Behavioral approaches to treatment
Treatment focuses on altering a dog's response to the stimuli by teaching it the competing behavior of relaxing. This part
of the behavior modification requires that the dog is not inadvertently rewarded for the fearful or anxious response.
Most dogs associate the word "OK" with a behavior that's encouraged and rewarded. Telling them it's "OK" when it's not will
confuse the dog and leave it without a clear roadmap of what's expected. As a result, the dog will become more anxious.
Also, to a dog, petting is a reward. When clients pet fearful dogs, they're inadvertently rewarding the anxious behavior.
And for some dogs, petting is just one more stimulus adding to an anxiety-filled environment.
So what can clients do? Watch the dog and learn what human behaviors, if any, calm it. For example, clients can leave the
dog alone in a place that's as calm and quiet as possible (as long as the dog is not at risk for injury) or just stay quietly
by the dog. Quiet association can provide solace and security without accidentally rewarding the dog.
Instead of petting the dog, clients can put gentle continuous pressure, either with an arm or the whole body, on the dog.
This pressure works in most mammals to calm general arousal. If permitted by the dog, the client can lean on or against the
dog. If this helps, and it often does, the client will feel the dog exhale and its muscles begin to relax. Obviously, this
is not a good plan if the dog becomes even more frantic.
Crates may help some animals that already like their crates and voluntarily go there as a place to relax. In this case, a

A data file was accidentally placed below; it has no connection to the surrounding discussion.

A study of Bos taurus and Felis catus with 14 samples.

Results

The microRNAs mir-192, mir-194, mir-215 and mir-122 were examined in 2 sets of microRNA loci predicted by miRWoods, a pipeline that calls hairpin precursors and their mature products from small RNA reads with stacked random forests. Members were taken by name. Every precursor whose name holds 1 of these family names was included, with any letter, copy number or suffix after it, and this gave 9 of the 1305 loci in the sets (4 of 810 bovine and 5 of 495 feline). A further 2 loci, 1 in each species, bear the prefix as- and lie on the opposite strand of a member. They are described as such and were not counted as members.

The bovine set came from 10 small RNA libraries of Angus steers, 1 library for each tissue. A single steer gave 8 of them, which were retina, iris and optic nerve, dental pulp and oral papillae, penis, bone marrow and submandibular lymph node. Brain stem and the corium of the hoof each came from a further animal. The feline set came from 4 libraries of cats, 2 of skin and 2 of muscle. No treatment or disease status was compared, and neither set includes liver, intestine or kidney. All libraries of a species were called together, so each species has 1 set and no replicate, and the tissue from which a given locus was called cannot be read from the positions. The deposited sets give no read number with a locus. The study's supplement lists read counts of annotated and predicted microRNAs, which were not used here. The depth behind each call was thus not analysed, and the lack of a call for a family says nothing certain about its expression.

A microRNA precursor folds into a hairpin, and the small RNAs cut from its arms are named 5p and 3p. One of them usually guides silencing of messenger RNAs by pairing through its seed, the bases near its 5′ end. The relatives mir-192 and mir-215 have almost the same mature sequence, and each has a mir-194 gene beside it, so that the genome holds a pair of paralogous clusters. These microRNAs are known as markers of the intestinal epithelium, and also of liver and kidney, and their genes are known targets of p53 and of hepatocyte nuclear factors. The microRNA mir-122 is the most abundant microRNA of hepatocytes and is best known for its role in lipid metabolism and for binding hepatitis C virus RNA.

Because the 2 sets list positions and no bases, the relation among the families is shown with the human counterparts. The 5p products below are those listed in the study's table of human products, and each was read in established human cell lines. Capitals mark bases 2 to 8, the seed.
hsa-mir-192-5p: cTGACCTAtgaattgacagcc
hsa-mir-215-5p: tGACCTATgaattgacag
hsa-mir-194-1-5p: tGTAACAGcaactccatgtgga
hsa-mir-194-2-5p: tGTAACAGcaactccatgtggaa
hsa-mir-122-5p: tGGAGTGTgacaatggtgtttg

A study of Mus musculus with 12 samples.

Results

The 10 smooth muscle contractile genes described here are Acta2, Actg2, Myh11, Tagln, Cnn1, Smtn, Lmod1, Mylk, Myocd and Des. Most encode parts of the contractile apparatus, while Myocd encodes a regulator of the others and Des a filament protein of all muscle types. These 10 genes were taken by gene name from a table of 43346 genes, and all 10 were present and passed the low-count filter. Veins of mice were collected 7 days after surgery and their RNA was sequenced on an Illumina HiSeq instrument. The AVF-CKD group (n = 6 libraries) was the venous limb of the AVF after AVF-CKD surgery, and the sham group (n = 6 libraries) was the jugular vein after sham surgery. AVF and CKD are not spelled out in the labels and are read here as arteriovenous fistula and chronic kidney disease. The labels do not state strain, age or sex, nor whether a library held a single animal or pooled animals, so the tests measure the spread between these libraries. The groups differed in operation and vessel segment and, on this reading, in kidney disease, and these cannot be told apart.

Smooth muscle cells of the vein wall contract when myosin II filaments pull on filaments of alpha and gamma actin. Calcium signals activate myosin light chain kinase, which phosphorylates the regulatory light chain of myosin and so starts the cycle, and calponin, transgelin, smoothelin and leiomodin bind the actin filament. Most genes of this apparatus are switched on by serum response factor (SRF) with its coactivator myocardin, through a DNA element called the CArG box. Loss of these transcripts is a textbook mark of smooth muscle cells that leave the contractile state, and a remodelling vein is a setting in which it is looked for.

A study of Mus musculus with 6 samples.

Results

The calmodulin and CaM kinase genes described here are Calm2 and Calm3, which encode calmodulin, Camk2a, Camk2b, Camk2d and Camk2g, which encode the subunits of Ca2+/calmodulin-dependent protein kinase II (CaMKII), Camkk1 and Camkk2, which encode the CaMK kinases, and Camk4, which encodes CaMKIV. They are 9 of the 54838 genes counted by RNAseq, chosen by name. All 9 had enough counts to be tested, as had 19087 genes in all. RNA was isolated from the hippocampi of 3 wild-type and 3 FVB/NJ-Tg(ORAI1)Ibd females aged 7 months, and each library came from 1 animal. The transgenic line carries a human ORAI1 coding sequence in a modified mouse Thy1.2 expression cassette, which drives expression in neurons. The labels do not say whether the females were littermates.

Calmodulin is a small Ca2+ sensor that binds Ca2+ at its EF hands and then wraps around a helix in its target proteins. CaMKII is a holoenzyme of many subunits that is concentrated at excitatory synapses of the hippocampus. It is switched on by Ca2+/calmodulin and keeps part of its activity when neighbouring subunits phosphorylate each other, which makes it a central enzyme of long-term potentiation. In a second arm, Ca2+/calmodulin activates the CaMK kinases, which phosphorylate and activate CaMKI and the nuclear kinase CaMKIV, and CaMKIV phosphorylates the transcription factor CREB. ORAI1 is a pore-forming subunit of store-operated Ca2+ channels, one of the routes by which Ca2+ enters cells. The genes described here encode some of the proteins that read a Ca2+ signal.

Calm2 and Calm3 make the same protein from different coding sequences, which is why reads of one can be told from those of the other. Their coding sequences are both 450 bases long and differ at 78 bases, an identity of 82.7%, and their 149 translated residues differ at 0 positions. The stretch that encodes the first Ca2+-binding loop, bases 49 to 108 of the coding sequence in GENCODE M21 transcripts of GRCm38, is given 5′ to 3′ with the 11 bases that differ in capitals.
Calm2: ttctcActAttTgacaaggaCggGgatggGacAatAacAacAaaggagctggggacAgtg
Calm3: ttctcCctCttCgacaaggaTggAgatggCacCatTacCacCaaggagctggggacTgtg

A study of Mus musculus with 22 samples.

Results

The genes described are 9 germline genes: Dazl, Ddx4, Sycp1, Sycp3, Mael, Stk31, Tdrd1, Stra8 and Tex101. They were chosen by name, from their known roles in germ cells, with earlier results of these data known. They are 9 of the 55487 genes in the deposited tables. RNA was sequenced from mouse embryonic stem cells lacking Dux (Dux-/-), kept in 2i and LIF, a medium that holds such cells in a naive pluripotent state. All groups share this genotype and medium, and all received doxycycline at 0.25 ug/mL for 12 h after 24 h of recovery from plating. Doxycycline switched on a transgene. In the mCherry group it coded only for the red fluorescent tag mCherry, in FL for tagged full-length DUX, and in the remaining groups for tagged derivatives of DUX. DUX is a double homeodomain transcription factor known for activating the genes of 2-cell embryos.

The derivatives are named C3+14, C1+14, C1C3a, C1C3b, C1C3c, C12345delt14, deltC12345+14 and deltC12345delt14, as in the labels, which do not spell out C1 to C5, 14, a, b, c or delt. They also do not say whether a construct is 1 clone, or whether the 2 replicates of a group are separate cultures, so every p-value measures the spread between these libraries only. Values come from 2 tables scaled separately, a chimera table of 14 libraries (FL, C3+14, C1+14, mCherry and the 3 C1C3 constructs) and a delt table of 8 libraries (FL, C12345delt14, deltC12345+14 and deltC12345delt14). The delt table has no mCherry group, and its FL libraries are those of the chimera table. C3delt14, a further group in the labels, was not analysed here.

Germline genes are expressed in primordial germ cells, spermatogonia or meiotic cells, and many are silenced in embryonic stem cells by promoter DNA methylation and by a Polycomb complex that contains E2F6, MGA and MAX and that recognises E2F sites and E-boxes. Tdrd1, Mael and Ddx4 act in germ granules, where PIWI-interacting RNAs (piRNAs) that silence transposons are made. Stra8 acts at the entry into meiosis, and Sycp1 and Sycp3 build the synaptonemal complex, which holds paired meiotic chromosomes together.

blanket draped over a crate may help. However, dogs that have never been crated or that dislike being crated will learn to
fear the enclosures if they're forced into one during a storm; they will feel trapped, which will make the phobia and panic
Sometimes, distressed dogs will seek out darker rooms, closets, rooms without windows and spaces under desks. Clients can
provide these opportunities and see if the dog calms.
Dog runs will make storm-phobic dogs worse because the dogs cannot escape, and they feel fully surrounded by any storm. Furthermore,
if there's a roof, it's usually of a material that makes the sounds odder and louder, further terrifying the animal. Clients
who keep their dogs outdoors may not even know if the dog reacts to storms until they run away, break through the run or break
their teeth and otherwise injure themselves attempting escape. Simple containment is not a solution for this debilitating
There have been anecdotal reports of successful use of calming caps and anxiety wraps. A calming cap alters what the dog can
see, and it applies some mild pressure to the head and face. It's unsuitable for aggressive dogs that cannot be manipulated,
dogs that cannot stand having anything over their faces or those that will panic if they cannot see something. Anxiety wraps
thundershirt.com) put gentle, constant physical pressure on the dog. Neither of these tools can be put easily on a dog that is thrashing around.
Whether these tools are helpful has not really been tested, but some clients may wish to try them.
One trendy addition is the Storm Defender Cape (stormdefender.com).This wrap-around, belted cape seeks to decrease the dog's exposure to static electricity that may be associated with some
storms. The principle being used here is that of a Faraday cage, where a mesh grid (usually copper) blocks transmission of
static electricity. All MRI units, for example, have Faraday cages built in. The cape does not cover the dog's head, legs
or tail. Because the dog is not contained in a true Faraday cage, the extent to which it may benefit from a cape may depend
on the trigger for the dog's reactivity (e.g., static electricity), body size and type of storm.
Photo 1: A dog wearing tinted Doggles.